JOPLIN, Mo. —
New genealogy websites open every day. A great way to learn about them is to periodically check www.cyndislist. com. That website tracks other genealogy sites around the world and arranges them by categories.
When the site opens, scroll down and click on "Browse New Links." When the next screen opens, click on the category "Browse New and Updated Links-1 December 2013." Click on that date and scroll down the screen.
Notice the series of new articles (provided for free by Ancestry.com) that tell about census schedules. Click on the article labeled "Ancestry.com Wiki-Overview of the U.S. Census." That article provides helpful search tips.
In addition to tips for researching census records, the article also discusses the history of the census records. They were created as a result of Article 1, Section 2 of our Constitution, which directs our government to fairly apportion representatives and to levy taxes.
The article reminds researchers to check other schedules, too. Examples are agriculture, slavery, state and local, industry and manufacturing, veterans, mortality and Native American censuses.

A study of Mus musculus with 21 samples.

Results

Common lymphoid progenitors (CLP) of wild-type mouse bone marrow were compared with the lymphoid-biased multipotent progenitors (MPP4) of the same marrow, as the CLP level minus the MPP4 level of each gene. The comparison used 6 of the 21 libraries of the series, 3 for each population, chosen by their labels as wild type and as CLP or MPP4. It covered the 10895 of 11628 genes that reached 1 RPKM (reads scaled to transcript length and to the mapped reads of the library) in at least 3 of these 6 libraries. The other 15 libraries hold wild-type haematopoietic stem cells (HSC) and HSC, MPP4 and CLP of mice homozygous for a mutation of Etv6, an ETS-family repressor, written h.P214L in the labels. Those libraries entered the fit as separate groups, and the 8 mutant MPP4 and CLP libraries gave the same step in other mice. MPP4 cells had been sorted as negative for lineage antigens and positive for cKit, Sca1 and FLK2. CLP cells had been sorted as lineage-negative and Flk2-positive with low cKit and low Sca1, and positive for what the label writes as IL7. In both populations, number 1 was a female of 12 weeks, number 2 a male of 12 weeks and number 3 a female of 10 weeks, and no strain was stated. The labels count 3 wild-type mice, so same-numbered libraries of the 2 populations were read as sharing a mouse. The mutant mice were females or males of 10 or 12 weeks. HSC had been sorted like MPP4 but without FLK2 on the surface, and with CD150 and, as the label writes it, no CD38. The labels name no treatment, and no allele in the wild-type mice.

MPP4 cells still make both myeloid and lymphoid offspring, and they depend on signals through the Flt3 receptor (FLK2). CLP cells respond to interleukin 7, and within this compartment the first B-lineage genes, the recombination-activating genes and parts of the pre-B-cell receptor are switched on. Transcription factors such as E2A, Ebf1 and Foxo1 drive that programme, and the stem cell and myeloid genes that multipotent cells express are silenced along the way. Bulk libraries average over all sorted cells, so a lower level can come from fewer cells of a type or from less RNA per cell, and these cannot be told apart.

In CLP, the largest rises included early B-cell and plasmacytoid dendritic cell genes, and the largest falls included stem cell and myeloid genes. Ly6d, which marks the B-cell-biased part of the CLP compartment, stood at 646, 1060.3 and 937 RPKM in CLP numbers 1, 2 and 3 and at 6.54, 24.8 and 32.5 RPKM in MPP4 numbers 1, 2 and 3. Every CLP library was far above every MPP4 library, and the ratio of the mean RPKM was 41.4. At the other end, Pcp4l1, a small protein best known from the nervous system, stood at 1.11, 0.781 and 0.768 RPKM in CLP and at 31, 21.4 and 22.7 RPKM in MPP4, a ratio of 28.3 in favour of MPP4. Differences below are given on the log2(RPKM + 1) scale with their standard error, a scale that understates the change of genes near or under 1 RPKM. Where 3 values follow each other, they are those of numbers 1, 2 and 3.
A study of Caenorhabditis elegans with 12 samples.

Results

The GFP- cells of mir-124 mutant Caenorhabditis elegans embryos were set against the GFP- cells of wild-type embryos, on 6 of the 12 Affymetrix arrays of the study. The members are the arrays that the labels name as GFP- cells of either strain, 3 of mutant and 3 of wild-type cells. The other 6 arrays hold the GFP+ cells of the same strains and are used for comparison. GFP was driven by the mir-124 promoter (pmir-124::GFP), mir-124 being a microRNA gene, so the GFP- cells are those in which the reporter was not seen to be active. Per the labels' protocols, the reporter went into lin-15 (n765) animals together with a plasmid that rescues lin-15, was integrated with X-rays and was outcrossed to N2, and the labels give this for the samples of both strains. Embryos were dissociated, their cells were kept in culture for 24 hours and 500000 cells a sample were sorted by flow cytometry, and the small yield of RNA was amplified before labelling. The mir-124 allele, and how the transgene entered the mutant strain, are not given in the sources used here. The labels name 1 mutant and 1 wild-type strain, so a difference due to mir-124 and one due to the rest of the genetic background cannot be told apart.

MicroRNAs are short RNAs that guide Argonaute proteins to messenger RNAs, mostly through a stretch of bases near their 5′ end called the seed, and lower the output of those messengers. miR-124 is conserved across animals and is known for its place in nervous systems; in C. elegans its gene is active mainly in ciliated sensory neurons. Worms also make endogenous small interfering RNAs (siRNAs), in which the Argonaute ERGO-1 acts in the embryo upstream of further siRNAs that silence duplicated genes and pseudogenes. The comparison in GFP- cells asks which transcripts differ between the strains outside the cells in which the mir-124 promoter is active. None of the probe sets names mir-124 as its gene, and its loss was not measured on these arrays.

Notice that the right side of the screen lists the other articles that are in the series. As you research your family, those articles will be useful references. Bookmark this page so you can quickly and easily read the other articles in the future.
Notice that one of the articles in the list is titled "Non Population Schedules and Special Censuses." That article discusses the other censuses. Click on it and scroll down the screen to Table 5-5, which lists states and the special non-population censuses that were done in each one.
The table also lists the institution where each set of records is located. The table does not include the agriculture census records, so you will need to check the Ancestry.com article that tells about that schedule.
Suggestions or queries? Contact Frankie Meyer, 509 N. Center St., Plainfield, IN 46168 or email frankiemeyer@ yahoo.com.